Ministers must set a specific target for restricting carbon emissions from power generation, businesses have said.
The plea is made in an open letter to Chancellor George Osborne signed by 50 businesses and organisations.
They want a target for how emissions should be curbed by 2030, arguing that a failure to show commitment to reducing carbon emissions may harm the economy and their commercial prospects.
Mr Osborne has outlined plans to get energy from gas beyond 2030.
Labour Leader Ed Miliband has backed a 2030 target for the power sector and the Liberal Democrats have supported a target under the Energy Bill, to be included in secondary legislation to allow flexibility.
The government's climate advisers have warned support for future gas plants without technology fitted to cut emissions is not compatible with climate change legislation and is harming investment in low-carbon power such as renewables and nuclear.
Companies and investors have joined with trade unions, environmental groups and industry bodies to warn the chancellor that support for gas power into the 2030s is undermining investment in UK electricity infrastructure.
The introduction of a carbon intensity target for the energy sector would, they say, provide investors with the long term confidence needed to transform the electricity market and promote wider economic growth.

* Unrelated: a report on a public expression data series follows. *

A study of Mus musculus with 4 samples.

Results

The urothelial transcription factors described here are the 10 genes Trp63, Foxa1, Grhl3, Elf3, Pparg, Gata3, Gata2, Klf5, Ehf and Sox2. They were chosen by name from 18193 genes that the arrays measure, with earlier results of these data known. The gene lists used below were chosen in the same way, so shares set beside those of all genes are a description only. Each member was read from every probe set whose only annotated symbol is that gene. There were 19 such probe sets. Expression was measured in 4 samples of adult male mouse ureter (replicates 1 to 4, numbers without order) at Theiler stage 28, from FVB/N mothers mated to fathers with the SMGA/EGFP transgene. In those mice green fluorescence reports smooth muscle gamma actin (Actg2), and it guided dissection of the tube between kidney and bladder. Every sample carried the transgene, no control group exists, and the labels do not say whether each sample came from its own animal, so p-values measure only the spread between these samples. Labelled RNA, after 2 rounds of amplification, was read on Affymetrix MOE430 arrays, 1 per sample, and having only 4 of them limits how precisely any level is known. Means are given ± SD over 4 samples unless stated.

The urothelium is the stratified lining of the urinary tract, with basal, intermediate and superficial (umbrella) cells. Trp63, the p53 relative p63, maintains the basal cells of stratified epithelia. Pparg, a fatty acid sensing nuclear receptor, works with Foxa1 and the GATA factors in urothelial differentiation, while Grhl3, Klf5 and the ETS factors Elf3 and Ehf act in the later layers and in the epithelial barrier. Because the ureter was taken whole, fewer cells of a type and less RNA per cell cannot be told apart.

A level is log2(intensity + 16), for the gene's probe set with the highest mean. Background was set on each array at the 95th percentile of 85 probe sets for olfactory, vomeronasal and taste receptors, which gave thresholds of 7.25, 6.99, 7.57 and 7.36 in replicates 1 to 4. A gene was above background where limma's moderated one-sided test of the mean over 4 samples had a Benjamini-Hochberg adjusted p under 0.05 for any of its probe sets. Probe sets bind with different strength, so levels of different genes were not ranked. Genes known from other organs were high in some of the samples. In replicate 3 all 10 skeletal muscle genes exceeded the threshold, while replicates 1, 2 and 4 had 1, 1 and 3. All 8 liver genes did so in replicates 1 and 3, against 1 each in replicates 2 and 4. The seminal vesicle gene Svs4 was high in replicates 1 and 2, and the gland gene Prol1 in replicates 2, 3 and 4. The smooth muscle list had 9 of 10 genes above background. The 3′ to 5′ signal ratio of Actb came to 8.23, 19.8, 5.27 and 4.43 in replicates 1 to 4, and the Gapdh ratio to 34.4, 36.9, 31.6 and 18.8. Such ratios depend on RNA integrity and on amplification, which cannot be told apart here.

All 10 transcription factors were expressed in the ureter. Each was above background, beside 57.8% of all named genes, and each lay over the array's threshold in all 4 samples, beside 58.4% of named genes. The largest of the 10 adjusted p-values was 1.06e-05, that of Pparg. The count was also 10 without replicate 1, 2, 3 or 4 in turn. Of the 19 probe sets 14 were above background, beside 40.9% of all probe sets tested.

Such a target would also be in line with recent recommendations from the independent Committee on Climate Change
The letter was signed by 50 businesses and organisations, including Microsoft, Marks and Spencer, Alliance Boots and Asda.
In it, they warn the Mr Osborne that uncertainty over the government's commitment to low-carbon power generation is harming the development of green businesses.
The letter states: "The government's perceived commitment to the low carbon transition is being undermined by recent statements calling for unabated gas in the power sector beyond 2030 and the absence of a specific carbon intensity target."
It highlights a recent report by business group the CBI, which estimates that while a third of UK growth in 2011/2012 came from green businesses, policy uncertainty could lose the UK £400m in exports in 2014/2015 alone.
"It is essential for government to provide investors with the long-term confidence they need to transform our electricity market and make investments capable of driving wider economic growth," says the letter.
Peter Young, chairman of the Aldersgate Group which co-ordinated the move, called for an end to "any political uncertainty surrounding the UK's energy future".
And Andy Atkins, executive director at Friends of the Earth, which backed the letter, said Mr Osborne's support for gas power was looking "increasingly isolated".
Asda, Aviva, British American Tobacco, EDF, Microsoft, Marks & Spencer, PepsiCo, Philips, Sky and the Co-operative are among the businesses to have signed the letter.